Illustration: Hvostik/Shutterstock

Unexpectedly losing someone in your organization is one way to squash any momentum your firm has accrued during the usually slower summer months. Team members who have considered leaving in the past and have put their career prospects on hold to take vacations with their families and/or not make any big decisions around the upcoming holiday season will have more tempting offers come their way as firms start mapping out their human capital needs for 2020.

If you’re worried about losing staff — or even if you aren’t — here are 10 signs and or reasons that a valued team member may be looking elsewhere:

• Passed over for a promotion. This hurts feelings and bruises egos. If someone believes they have delivered strong performance and weren’t recognized for what they feel they have earned, then they will look for a firm that will provide increased responsibilities, compensation and professional growth — and they will not have to look far as this is new hiring season. This also is a reason to clearly state the expectations and requirements for promotions ahead of time so staff knows what skills are needed in the position.

• Leaving work earlier more frequently. Potentially to interview with other firms and/or utilize their health and PTO benefits before losing them.

• Acting like they have something to hide. Most effective financial planners are skilled at reading people as that is what you do with your clients every day — thus they know how to tailor advice to take action. Also watch for reductions in communication with existing team members e.g. not going out to lunch any longer, etc.

• Low engagement. Could be in many forms, but usually less willingness to step up and take things on and not suggesting innovative ideas.

• Reduced productivity. Easy to spot if a team member was previously a high performer. Quantity and overall quality of work product drops substantially.

• Negative attitude. Could be in the form of initiating and/or increasing friction with existing team members because they know they won’t be there much longer to have to deal with the fallout.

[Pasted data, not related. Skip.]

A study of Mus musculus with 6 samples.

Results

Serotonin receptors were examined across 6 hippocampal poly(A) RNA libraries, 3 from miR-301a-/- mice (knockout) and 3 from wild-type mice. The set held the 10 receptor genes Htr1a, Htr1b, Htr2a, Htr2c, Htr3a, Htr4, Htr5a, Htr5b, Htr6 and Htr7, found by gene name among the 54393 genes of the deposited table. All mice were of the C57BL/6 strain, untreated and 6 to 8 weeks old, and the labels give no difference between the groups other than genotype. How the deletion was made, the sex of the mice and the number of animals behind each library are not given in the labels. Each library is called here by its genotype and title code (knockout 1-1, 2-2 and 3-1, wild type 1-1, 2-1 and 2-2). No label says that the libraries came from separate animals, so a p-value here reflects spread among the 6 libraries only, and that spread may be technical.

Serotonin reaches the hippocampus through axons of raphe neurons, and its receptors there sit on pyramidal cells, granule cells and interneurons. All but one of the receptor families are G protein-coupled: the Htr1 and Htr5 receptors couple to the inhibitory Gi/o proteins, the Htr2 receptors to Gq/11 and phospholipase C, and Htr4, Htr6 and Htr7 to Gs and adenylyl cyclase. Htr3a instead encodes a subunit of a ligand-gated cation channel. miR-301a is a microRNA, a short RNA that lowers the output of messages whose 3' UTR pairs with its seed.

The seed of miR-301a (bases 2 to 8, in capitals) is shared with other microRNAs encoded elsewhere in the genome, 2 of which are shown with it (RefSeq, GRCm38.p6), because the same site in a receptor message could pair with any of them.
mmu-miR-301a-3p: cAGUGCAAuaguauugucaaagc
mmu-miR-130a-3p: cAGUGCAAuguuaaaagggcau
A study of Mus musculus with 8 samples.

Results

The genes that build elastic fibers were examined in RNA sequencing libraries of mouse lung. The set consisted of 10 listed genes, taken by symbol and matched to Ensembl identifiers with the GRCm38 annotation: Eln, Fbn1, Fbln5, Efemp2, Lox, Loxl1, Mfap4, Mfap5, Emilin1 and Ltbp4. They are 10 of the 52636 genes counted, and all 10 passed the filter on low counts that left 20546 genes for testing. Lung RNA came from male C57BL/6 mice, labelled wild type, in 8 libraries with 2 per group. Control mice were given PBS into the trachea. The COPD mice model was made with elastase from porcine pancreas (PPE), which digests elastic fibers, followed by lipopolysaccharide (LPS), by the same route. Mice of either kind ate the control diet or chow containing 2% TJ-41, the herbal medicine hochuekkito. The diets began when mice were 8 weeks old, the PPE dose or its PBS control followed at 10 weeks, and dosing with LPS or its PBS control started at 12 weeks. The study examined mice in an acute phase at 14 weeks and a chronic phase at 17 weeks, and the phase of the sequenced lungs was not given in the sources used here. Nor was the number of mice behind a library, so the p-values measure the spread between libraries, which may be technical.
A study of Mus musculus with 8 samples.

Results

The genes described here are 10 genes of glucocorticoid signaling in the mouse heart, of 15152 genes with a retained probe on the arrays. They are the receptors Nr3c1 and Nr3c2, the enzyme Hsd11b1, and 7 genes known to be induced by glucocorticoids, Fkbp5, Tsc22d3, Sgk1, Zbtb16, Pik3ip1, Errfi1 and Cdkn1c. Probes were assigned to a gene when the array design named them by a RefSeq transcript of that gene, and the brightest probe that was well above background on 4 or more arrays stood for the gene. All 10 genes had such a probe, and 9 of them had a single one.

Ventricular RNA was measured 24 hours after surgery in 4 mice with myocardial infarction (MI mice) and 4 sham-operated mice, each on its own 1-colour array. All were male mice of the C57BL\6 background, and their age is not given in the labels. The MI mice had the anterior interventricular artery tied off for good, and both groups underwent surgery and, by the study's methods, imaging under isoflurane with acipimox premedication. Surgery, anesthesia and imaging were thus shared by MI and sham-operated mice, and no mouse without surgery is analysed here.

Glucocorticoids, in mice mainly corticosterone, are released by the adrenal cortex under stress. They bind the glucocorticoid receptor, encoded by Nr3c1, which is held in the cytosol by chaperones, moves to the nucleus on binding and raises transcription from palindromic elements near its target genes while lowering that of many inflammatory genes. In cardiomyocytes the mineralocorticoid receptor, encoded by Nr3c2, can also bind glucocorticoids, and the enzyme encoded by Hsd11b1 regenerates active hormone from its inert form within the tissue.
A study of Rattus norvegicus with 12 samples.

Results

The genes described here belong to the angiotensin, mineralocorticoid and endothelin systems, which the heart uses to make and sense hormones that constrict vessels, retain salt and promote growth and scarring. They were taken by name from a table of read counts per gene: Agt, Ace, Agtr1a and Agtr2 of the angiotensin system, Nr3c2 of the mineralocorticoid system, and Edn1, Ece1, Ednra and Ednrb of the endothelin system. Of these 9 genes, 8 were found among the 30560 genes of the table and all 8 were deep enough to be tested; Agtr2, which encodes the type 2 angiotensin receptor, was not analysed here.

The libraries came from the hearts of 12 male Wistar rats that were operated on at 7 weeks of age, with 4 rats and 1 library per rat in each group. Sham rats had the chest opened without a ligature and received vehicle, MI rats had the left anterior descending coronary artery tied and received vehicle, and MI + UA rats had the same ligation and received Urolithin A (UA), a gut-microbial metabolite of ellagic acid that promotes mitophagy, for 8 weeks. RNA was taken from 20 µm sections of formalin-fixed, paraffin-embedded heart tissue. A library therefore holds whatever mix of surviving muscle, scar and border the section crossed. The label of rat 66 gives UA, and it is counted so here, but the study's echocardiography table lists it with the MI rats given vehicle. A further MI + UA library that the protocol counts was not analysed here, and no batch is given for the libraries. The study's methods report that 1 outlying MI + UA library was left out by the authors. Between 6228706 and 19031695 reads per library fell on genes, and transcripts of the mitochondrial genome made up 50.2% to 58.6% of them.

• Less interested in pleasing clients/manager. Missing deadlines, giving clients subpar service and reducing communication with manager. Or, increase of sarcastic comments about work, company, clients, and other team members.

• Hesitant to commit to long term timelines. Because most people generally do not want to cause excessive harm, above and beyond their leaving, to the organization, they feel guilty when projects with timelines that extend beyond their departure date are being discussed. In these cases, they will be vague, noncommittal, and try to avoid being put on the spot.

• Lost Enthusiasm for mission of firm. B.B. King said it best in his 1969 song, “The Thrill is Gone”. As people’s careers progress and lives change, their needs change, as do the firm’s as well. They find themselves no longer excited about what the company stands for, where the firm is going, etc. We frequently take calls from candidates all over the country who have become disenchanted with their firm’s high minimums due to their desire to want to serve previously un(der)served populations.

• Had a major life change. Substantial life changes often impedes logical thinking and cause people to make poor decisions. A firm we represent shared that one of their employees resigned to take a month off to tend to a new home purchase.

Finally, if none of these are clearly visible, but you sense something is not right, trust your gut and challenge yourself to take a closer look at what might be happening. Next article, I’ll address what actions to take if you have a team member about to jump ship.

Caleb Brown is a past chairman of FPA NextGen and partner in New Planner Recruiting LLC. He can be reached at NewPlannerRecruiting.com.